TORONTO (AP) — Ken Taylor, Canada’s ambassador to Iran who sheltered Americans at his residence during the 1979 hostage crisis, has died. He was 81.
Taylor’s wife, Pat, said Ken died Thursday after a two-month battle with colon cancer.
Taylor kept the Americans hidden at his residence and at the home of his deputy, John Sheardown, in Tehran for three months. Taylor facilitated their escape by arranging plane tickets and persuading the Ottawa government to issue fake passports.
He was heralded as a hero in both the U.S. and Canada for helping save the Americans in the clandestine operation.
Some of Taylor’s exploits in Iran in 1979 later became the subject of the 2012 Hollywood film, “Argo.” But Taylor and others, including former-U.S. President Jimmy Carter, felt the film downplayed his role and that of Canada in the operation.
Taylor’s wife of more than 50 years said he was diagnosed with cancer in August and that friends from Canada, the U.S. and elsewhere visited him at New York Presbyterian hospital where he was being treated.
She said Taylor, born in 1934 in Calgary, has a legacy of generosity.
“He did all sorts of things for everyone without any expectation of something coming back,” she told the Associated Press in a telephone interview.
“It’s why that incident in Iran happened,” she said. “There was no second thought about it. He just went ahead and did it. His legacy is that giving is what is important, not receiving. With all his friends that’s what he did.”
The six U.S. diplomats had managed to slip away when their embassy was overrun in 1979. They spent five days on the move, then took refuge at the Canadian Embassy for the next three months.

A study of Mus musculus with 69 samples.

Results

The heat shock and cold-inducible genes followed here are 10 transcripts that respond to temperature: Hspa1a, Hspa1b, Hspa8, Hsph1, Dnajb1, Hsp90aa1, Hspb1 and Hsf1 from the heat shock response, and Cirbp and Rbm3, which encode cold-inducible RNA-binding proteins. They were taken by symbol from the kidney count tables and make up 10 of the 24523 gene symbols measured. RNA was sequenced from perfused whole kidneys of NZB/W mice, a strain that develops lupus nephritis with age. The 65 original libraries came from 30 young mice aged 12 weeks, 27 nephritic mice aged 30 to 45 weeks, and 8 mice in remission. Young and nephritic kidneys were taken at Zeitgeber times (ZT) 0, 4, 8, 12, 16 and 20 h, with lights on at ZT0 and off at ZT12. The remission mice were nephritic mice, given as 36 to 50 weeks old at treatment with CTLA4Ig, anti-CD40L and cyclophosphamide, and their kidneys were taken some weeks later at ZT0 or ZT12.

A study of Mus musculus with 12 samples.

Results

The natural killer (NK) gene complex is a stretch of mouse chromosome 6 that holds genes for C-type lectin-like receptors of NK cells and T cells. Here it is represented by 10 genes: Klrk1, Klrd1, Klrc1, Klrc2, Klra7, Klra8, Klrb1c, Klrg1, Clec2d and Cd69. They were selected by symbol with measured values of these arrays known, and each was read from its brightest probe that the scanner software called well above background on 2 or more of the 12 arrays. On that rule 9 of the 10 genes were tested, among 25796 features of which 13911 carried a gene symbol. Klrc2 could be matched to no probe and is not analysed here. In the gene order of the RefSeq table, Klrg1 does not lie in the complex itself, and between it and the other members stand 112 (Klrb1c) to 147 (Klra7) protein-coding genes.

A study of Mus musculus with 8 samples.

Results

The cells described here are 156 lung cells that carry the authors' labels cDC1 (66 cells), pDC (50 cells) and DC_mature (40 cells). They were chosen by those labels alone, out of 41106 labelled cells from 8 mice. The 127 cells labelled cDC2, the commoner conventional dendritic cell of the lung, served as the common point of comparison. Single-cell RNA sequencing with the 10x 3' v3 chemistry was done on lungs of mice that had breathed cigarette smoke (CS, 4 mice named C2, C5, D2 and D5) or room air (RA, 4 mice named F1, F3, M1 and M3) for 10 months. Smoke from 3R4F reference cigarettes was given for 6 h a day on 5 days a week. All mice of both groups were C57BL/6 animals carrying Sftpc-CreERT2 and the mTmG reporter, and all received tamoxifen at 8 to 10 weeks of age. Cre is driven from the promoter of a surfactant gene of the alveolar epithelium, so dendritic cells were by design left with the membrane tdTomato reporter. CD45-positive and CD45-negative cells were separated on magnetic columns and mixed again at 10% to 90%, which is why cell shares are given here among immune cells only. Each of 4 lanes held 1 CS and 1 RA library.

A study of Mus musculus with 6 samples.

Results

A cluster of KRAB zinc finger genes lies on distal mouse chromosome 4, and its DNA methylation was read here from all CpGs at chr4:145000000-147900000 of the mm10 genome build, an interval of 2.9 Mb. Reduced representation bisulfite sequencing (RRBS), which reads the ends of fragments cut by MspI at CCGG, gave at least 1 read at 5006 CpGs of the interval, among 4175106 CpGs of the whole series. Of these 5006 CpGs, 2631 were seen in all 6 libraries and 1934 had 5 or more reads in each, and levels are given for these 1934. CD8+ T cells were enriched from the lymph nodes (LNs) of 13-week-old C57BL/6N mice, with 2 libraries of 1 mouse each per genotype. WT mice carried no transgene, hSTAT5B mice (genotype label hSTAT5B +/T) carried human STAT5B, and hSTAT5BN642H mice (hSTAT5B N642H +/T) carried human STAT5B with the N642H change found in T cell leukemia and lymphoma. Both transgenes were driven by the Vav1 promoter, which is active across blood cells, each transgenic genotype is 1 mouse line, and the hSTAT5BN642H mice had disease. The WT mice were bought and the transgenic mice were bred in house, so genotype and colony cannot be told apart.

The CIA consulted with Canadian officials on how to organize a rescue, and Canada gave permission for the diplomats to be issued fake Canadian passports.
Former U.S. President Ronald Reagan paid tribute to Taylor at the White House. He was appointed Canada’s consul general in New York and received a key to the city. Even earlier this year he received a standing ovation at a New York Rangers hockey game.
Tributes poured in for Taylor on Thursday.
“Ambassador Taylor’s actions during the Iran hostage crisis were unquestionably heroic,” said Peter Boogaard, a White House National Security Council spokesman.
U.S. Ambassador Bruce Heyman called Taylor’s actions courageous.
“Ambassador Taylor earned the enduring gratitude of the United States — and was awarded the Congressional Gold Medal — for his valor and ingenuity in harboring six American citizens trapped in Iran in the aftermath of the seizure of the American Embassy in Tehran on November 4, 1979 and, ultimately, in securing their safe return,” Heyman said in a statement.
Canadian Prime Minister Stephen Harper said he was sad to learn of the news.
“As Canada’s Ambassador to Iran during the Iranian Revolution, Taylor valiantly risked his own life by shielding a group of American diplomats from capture,” Harper said. “Ken Taylor represented the very best that Canada’s foreign service has to offer.”
Joe Clark, Canada’s prime minister in 1979, called Taylor a Canadian hero and a valued friend.
Although Taylor’s actions were made famous again in the movie “Argo,” which won the 2013 Oscar for best picture, Taylor said it made Canada look like a meek observer to CIA heroics. Friends of Taylor were outraged when “Argo” debuted at the Toronto International Film Festival in 2012. The original postscript of the movie said that Taylor received 112 citations and awards for his work in freeing the hostages and suggested Taylor didn’t deserve them because the movie ends with the CIA deciding to let Canada have the credit for helping the Americans escape.
In 2013, Taylor’s story was told again at the Toronto International Film Festival, which debuted the documentary, “Our Man in Tehran.”
Taylor is also survived by his son, Douglas, and his wife Dana and two grandchildren. There are tentative plans for a funeral in Toronto on Oct. 27.